Do you have a type when it comes to dating? Maybe you only go for blondes who like a good game of Dungeons and Dragons, or perhaps you prefer bright brunettes who can speak Spanish and quote The Hunger Games. No matter your preferences, we bet the people you crush on end up having a bit more in common than you'd like to admit. It's cool, though—ain't no shame in the having a type game.
In An Abundance of Katherines by John Green, Colin definitely has a type. But he isn't after a particular hair color, personality trait, or hobby—nope, he goes for Katherines. Wait, what? That's right, every girl he's ever dated (all nineteen) is named Katherine and spells her name the exact same way.
If you're already suspicious, good—you should be. There's a reason why Colin keeps dating the same girl, but it's not what you think (don't worry—his mom isn't named Katherine, too). Though Colin claims he doesn't go looking for Katherines, he doesn't know how to have normal relationships with girls—or anyone for that matter—and, after a point in his dating career, decides to only pursue relationships with ladies named Katherine.
Colin's a child prodigy and desperately wants to matter in life. If you're thinking that the label of child prodigy comes with a heaping side of pressure and a pile of angst, then you're right—Colin is constantly studying, reading, and learning, in hopes of one day becoming a genius. Unfortunately for him, though, he seems to miss out on the rest of his life in the process.
An Abundance of Katherines asks us to think about what happens when you grow up and your life isn't the way you thought it would be, which is a pretty darn relatable scenario whether you're a prodigy or not. Perhaps this is why John Green's novel about a whiz kid with a knack for anagramming hit home for so many of us, winning the 2007 Michael L. Printz Honor and becoming a finalist for the Los Angeles Times Book Prize. No matter what your IQ is, everyone falls short of their dreams sometimes, and it never feels good.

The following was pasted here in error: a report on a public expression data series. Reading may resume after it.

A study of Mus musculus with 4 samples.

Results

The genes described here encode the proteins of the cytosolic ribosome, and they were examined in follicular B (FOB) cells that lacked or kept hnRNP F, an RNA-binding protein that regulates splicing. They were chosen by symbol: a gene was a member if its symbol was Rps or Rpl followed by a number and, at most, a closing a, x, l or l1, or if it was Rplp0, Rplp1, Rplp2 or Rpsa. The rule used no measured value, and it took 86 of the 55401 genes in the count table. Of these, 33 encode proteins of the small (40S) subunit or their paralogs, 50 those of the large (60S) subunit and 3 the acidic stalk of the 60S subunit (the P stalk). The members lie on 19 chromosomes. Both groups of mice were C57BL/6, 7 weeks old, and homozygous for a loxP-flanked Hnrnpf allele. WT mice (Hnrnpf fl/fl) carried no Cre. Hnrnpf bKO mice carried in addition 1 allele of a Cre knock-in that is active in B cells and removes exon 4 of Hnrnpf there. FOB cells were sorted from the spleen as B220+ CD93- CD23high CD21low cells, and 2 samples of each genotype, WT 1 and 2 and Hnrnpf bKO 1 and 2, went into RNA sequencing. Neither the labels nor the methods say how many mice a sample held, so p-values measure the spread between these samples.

Who are you when no one else is looking? We're not talking about whether you cheated on that math test in third grade or picked your nose in the grocery store one time—we want to know who the real you is. Underneath the preppy façade you put on for your teacher or the tough guy act you put on around your football buddies—deep down inside—who are you?
It's an age-old question, and the perfect one to ask when you're right on the brink of adulthood, deciding what to do with your life. Colin's a child prodigy and a dumpee; Hassan is a Judge Judy-loving slacker; and Lindsey, well, she's not sure—one minute she's a southern belle, the next she's a bubbly ditz, and then she morphs into a nerdy chick.
The thing is, none of the characters in An Abundance of Katherines are sure about who they are, and even the ones who think they know (ahem, Colin) switch it up over the course of the novel. It's easy to judge Lindsey because she's faked it so much that she's one big phony most of the time, but if we're being honest, this shifting around she does is pretty relatable. After all, we've done plenty of shifting-around ourselves, acting one way with our parents, another with our friends, and so on.
Trying on different identities is part of figuring out who you are, though sometimes it makes it hard to keep track of who we really are in our heart of hearts. So we'll ask again, who are you?
How do your break-ups stack up compared to Colin's? Plug them in to his theorem.
An interview with author John Green about why and how the wrote the novel.
If you want to know more about why Green chose nineteen girlfriends, or what the deal with tampon strings is, find out in these FAQs about the book.
John Green doesn't just have ideas about math and relationships—he also has something to say about other topics in his video blog.
No Reading Required
An audio version of the book… read by somebody named Kathryn (way to spice up the spelling).